The American Jewish community should continue in its efforts to strengthen U.S.-Israeli ties, but should do so in a “positive way,” Israeli Prime Minister Yitzhak Rabin said Monday.
Addressing the 36th biennial convention of B’nai B’rith International via satellite, Rabin appeared to be trying to dispel the impression that he is upset with the American Jewish community at large.
That impression arose during the prime minister’s visit to the United States last month, during which he criticized the tactics used by American Jewish groups in lobbying the Bush administration for the loan guarantee package sought by Israel.
He said at the time that differences between the U.S. and Israeli governments should be managed in Jerusalem rather than by American Jewish officials.
Asked after his speech Monday to clarify his stand on the advocacy role of American Jewish groups on behalf of Israel, Rabin said he has learned to “appreciate and admire the devotion of the Jewish community in the United States.”
He said his U.S. remarks were made “in relationship to one organization and not to the Jewish community of the United States” as a whole.
The organization Rabin referred to is widely believed to be AIPAC, the American Israel Public Affairs Committee, whose leaders met with Rabin in mid-August. It was reported then that Rabin sharply criticized AIPAC for straining U.S.- Israeli ties over the loan guarantee issue.
But his apparent attempt Monday to put the blame on AIPAC specifically did not mollify some American Jewish organizational leaders, among them Seymour Reich, immediate past chairman of the Conference of Presidents of Major American Jewish Organizations.
“I’m bewildered by why he persists in singling out AIPAC. He’s going to undermine one of the most effective instruments of the American Jewish community,” said Reich.
“He’s lost an opportunity to put this issue to rest,” the Jewish leader said. “Instead, he inflamed it.”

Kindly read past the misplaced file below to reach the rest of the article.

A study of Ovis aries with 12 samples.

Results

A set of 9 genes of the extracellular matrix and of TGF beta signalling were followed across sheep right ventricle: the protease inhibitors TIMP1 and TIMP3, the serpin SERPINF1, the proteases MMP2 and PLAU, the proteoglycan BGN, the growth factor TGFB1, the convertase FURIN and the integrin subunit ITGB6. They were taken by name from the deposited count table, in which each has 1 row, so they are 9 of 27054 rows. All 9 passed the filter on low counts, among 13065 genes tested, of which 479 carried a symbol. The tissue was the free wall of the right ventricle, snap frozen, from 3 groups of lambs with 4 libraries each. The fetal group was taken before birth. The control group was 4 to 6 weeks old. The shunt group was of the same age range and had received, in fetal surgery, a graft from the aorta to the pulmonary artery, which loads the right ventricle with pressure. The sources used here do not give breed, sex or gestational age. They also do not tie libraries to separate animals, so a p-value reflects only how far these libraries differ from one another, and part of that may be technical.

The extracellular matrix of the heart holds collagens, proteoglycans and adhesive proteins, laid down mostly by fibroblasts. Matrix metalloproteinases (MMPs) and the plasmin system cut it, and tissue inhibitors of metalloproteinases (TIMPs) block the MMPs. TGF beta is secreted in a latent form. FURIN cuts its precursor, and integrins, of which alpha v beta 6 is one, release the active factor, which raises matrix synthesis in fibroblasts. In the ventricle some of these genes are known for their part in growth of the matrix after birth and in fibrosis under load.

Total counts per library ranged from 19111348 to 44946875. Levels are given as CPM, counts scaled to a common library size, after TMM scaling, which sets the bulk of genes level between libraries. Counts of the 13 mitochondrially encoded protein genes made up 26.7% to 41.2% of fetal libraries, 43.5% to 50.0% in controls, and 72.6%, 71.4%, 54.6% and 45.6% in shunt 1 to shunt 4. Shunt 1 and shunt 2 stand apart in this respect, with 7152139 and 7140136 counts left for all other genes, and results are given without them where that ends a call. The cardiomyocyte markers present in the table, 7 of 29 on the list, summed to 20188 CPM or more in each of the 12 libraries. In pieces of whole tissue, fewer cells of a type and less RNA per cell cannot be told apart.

Daniel Mariaschin, director of international and government affairs for B’nai B’rith, was less concerned by Rabin’s remarks on this topic.
“The traditional relationship between Israel and the American Jewish community will continue as it has the last number of decades,” he said. “I don’t foresee any drastic new directions in the relationship.”
Rabin’s speech, which was followed by questions posed by B’nai B’rith President Kent Schiner, focused mainly on the Middle East peace talks.
The prime minister said that the latest round of negotiations in Washington, which recessed Sept. 3, had left him feeling optimistic though cautious.
“I believe the atmosphere has changed,” he said. “We are hopeful, but we don’t even know the obstacles that still lie ahead in our effort to start the peacemaking process.”
Concerning Syria, Rabin reiterated that Israel is willing to accept the applicability of U.N. Security Council Resolutions 242 and 338 to the disputed Golan Heights, a position his predecessor, Yitzhak Shamir, refused to take. The resolutions call for the return of land seized by Israel in the Six-Day War of 1967, in exchange for peace.
But the prime minister complained that Syria was not yet interested in discussing a “full peace” with Israel.
“Even for a total withdrawal from the Golan Heights, they are ready only for a peace agreement, but not for a normalized relationship – not a peace treaty, not open boundaries, not embassies, not a commercial and cultural relationship,” he said.
Rabin also contended that Israel had advanced the negotiations with the Palestinians by proposing a comprehensive autonomy plan in the administered territories, with Palestinian elections to take place as early as next April.
The convention delegates were generally optimistic about the improved chances for peace, according to Mariaschin of B’nai B’rith. “Even among the cynics and skeptics among us, there is a sense coming out of the talks that even though there’s a long road ahead, there is cause for optimism,” he said.